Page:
Jonathan Chait

Today's Social Liberal Is Tomorrow's Social Conservative


[O]lder people’s politics look a lot different from younger people’s not so much because they are older, but because they are part of a different generational cohort. Different generations grew up under different economic and cultural conditions, and this affects their values throughout life. It’s exceedingly unlikely that today’s 20-somethings will ever be as socially conservative as today’s 60-somethings. There are life-cycle effects, but the age-related changes tend to tend to stay within the gravitational field of relatively stable points fixed in adolescence and young adulthood. ...

One thing it suggests that the neo-Fusionist elements of the Tea Party movement are attractive primarily to older people. And I suspect that the more strongly certain libertarian ideas and tendencies are associated with the cultural politics of Baby Boomer conservative Republicans, the more strongly young people with libertarian inclinations will tend to identify with the Democratic Party and take on cultural assumptions and characteristics common to liberals.

Wilkinson is probably right about cohort effects -- people who are 20 years old today have more liberal views on things like interracial marriage and gay rights than people who are 70 years old today, and in fifty years, their views probably won't change much. Wilkinson, though, errs in his assumption that this will make those voters long-term members of a socially liberal electoral coalition. His error is  ignoring the possibility that the issue landscape will move leftward.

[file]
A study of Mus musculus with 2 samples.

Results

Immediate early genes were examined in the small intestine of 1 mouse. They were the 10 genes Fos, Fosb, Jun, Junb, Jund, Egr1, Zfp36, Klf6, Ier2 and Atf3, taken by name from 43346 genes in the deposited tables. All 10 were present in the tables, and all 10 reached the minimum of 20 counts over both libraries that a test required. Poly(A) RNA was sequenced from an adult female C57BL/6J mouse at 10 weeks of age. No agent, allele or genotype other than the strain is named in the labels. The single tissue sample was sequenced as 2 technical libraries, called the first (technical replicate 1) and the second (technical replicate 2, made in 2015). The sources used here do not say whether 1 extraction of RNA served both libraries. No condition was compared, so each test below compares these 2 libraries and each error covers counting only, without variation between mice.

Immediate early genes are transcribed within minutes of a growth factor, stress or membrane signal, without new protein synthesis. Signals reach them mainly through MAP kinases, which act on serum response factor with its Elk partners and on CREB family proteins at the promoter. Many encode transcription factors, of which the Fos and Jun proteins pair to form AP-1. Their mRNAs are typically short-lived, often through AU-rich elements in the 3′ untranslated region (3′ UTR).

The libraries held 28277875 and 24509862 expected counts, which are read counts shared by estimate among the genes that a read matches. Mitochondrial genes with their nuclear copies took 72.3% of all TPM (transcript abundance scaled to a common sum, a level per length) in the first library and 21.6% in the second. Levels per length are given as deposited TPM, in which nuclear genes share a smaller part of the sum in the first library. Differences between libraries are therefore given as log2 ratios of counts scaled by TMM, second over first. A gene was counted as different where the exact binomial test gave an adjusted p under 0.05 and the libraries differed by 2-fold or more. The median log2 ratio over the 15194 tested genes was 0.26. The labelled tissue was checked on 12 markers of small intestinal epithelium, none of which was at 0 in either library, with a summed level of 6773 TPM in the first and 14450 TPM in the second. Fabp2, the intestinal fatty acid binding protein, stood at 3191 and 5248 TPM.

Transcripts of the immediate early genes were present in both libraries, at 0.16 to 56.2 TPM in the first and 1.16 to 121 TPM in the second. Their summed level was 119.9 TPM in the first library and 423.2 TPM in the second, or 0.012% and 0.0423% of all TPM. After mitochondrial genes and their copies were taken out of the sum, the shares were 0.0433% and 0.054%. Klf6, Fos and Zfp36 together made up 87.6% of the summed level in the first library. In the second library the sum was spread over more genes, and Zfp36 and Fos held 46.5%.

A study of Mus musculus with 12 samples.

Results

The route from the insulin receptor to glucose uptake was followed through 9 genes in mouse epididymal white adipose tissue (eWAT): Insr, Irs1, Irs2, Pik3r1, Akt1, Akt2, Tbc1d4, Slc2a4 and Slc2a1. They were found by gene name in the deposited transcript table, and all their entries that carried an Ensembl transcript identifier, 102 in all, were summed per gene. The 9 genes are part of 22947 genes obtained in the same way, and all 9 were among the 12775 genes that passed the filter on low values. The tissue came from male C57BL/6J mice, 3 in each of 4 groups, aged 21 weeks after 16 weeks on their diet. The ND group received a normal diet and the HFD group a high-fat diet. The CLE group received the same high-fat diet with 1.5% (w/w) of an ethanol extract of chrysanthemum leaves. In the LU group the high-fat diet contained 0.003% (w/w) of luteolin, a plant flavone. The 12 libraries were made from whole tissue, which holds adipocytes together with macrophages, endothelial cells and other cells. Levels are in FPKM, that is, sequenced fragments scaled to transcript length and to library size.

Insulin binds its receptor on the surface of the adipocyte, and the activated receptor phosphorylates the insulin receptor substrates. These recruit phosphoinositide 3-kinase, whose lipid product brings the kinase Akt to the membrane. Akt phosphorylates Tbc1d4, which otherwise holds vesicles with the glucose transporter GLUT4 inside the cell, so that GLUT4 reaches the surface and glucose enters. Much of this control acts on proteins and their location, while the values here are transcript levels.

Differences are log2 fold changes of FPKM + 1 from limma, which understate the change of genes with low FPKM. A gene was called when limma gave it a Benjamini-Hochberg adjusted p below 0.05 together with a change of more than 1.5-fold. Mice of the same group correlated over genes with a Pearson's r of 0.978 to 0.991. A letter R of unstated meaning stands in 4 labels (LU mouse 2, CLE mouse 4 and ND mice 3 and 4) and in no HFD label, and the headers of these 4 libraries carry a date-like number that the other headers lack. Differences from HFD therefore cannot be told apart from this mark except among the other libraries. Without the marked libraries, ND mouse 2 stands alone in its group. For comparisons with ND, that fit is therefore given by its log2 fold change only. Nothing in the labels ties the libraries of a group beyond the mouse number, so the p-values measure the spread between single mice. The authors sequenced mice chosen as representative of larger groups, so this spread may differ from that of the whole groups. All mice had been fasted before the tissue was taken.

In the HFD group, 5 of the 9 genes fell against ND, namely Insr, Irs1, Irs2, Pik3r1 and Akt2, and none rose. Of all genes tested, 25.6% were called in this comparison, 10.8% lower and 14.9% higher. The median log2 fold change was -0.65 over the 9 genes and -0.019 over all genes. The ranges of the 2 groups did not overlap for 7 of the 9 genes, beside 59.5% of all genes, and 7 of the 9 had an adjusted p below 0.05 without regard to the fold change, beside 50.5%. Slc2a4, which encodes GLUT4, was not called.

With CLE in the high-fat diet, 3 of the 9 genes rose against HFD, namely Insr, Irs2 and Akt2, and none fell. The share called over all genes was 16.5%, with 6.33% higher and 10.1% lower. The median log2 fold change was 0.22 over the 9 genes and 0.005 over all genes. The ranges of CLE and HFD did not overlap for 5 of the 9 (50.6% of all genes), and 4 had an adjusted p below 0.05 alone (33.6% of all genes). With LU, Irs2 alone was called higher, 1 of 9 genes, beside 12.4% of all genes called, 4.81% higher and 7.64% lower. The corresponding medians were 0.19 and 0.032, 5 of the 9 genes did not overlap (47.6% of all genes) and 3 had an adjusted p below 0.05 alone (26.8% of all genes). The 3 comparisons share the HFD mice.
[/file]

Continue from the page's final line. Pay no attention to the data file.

Generally speaking, social policy has grown less restrictive throughout American history. People are are currently 70 years old are far more liberal on, say, the question of women's suffrage than were people fifty years their senior. But women's suffrage is settled fact, and no longer exerts any electoral impact. Several decades from now, we may well be looking at an even more liberal or left-wing social issue landscape. Today's young voters are much less freaked out about an African-American president than are today's old voters. But what about fifty years from now when the Democrats have nominated a transgendered Presidential candidate?